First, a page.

The “Amazon tax” may have begun here in Alabama, but shoppers are still escaping the checkout screen without paying tax here in Alabama.
Is something broken?
Nope. Everything with the new “Amazon tax” in Alabama is working as it should.
Here’s the secret, folks. The 8% sales tax in Alabama, which we have reported on numerous times over the past month, only applies to items shipped and sold by Amazon.
There are millions and millions of items for sale on Amazon.com that come from third-party retailers, including Prime-eligible products. The purchase is still handled by Amazon, which acts as a modest “middle man” in these transactions, but the sales tax doesn’t apply because Amazon isn’t the official seller.
Under the Simplified Sellers Use Tax, which is the official name of the “Amazon tax” in Alabama, News 5 is told Amazon only collects the 8% tax on items sold directly by them as a retailer.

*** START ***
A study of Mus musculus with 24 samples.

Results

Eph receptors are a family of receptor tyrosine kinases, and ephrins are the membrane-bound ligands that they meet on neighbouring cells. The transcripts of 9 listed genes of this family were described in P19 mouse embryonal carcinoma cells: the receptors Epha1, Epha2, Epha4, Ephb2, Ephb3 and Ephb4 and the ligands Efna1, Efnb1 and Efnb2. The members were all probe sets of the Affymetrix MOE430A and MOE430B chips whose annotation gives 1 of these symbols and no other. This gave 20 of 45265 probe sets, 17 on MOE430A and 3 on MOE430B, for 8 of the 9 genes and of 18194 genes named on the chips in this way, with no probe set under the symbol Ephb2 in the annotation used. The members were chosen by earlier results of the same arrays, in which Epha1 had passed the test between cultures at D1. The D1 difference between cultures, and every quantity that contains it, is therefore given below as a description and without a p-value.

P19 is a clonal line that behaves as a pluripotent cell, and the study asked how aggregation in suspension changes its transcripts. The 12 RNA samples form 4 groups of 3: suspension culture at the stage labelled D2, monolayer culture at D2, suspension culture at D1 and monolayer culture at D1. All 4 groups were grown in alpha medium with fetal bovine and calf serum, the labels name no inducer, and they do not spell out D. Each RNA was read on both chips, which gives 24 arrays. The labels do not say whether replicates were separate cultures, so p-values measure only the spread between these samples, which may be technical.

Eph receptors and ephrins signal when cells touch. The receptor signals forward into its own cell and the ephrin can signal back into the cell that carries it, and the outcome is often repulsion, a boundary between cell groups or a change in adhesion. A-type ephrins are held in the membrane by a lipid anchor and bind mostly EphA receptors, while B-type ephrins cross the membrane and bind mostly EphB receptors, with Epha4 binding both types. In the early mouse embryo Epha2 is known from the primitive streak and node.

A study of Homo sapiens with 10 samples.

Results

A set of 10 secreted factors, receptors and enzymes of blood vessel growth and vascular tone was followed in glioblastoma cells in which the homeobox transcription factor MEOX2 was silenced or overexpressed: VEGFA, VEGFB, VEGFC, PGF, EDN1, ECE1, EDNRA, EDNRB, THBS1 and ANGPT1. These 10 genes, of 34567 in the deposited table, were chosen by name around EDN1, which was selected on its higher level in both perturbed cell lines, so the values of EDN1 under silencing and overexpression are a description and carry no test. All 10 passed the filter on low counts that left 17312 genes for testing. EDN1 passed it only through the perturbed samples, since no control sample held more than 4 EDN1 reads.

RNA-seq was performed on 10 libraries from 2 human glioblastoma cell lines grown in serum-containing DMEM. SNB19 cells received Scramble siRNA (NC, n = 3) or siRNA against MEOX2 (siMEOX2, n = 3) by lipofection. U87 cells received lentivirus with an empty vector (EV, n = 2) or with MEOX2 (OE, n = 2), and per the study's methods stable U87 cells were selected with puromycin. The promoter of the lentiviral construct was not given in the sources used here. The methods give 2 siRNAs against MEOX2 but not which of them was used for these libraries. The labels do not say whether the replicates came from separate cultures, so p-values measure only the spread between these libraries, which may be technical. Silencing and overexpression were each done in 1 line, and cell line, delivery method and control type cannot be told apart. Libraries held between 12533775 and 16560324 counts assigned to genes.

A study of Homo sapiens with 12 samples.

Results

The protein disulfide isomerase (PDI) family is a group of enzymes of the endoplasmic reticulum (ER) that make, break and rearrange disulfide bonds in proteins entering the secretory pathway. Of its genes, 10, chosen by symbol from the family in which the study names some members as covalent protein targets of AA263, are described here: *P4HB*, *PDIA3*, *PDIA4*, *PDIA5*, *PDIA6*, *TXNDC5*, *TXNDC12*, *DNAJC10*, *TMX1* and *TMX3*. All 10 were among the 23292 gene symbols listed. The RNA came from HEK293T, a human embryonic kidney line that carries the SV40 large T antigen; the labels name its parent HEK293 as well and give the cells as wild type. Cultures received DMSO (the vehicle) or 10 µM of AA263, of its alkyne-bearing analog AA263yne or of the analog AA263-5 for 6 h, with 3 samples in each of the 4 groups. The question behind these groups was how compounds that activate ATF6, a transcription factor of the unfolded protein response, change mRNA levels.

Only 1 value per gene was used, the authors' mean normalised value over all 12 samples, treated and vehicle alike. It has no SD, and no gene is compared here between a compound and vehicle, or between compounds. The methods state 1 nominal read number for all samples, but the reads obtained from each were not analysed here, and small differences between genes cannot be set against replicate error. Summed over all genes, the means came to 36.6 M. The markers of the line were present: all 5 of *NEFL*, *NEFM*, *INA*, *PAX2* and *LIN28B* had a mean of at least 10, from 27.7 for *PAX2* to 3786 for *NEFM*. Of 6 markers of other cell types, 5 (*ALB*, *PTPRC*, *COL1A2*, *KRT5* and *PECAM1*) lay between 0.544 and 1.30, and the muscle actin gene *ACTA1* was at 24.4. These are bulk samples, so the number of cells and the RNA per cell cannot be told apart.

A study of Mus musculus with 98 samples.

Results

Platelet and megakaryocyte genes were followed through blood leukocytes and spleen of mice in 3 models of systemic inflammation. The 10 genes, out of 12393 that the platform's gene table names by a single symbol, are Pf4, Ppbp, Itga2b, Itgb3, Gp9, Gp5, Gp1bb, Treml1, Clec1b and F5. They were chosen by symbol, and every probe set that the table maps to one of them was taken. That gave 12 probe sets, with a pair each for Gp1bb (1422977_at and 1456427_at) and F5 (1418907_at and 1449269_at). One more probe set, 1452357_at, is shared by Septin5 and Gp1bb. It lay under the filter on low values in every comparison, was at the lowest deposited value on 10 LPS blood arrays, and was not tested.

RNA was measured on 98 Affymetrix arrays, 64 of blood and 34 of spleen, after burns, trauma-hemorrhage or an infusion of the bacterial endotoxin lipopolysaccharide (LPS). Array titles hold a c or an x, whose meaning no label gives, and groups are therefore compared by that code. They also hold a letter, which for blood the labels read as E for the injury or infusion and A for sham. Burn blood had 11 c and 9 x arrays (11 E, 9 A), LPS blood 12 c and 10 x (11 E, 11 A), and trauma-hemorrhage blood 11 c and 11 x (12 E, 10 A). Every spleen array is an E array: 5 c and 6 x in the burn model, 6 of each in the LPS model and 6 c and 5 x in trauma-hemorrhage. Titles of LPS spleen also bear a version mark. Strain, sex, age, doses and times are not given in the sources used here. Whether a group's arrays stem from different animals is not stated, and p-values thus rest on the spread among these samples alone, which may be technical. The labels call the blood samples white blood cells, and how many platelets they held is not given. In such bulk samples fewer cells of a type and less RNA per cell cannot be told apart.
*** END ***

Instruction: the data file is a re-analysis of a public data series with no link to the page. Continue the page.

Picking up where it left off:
That means if you want to save some dollars at checkout, look closely at the product listing for the “sold by” section. If it’s listed as Amazon, look for the “other sellers” area of the page. Often times, you can find the same exact item from a third-party retailer and not pay the 8% tax.
There is a warning, however.
As the Alabama Department of Revenue has pointed out repeatedly, if you don’t remit the tax for an online purchase on your annual tax return, you’re breaking the law.
We feel compelled to tell you, it’s a law that’s seen virtually zero enforcement over the last two decades. Think of it as the online version of jaywalking. Just about everyone does it, but few, if any, ever get fined.
We have a hard time seeing the Alabama Department of Revenue going after a mother who buys a Christmas gift for her son, but fails to remit the tax. Or a teacher who buys a present for his recently-promoted colleague, but loses the receipt and forgets it on his tax return. You get the point.
As is stands, most people will continue shopping on Amazon as they always do: find what they want, add to cart, and check out. In fact, some might not even notice the new tax.
But for those paying a little more attention to the final total, it appears there is a gaping loophole in Alabama’s latest form of taxation.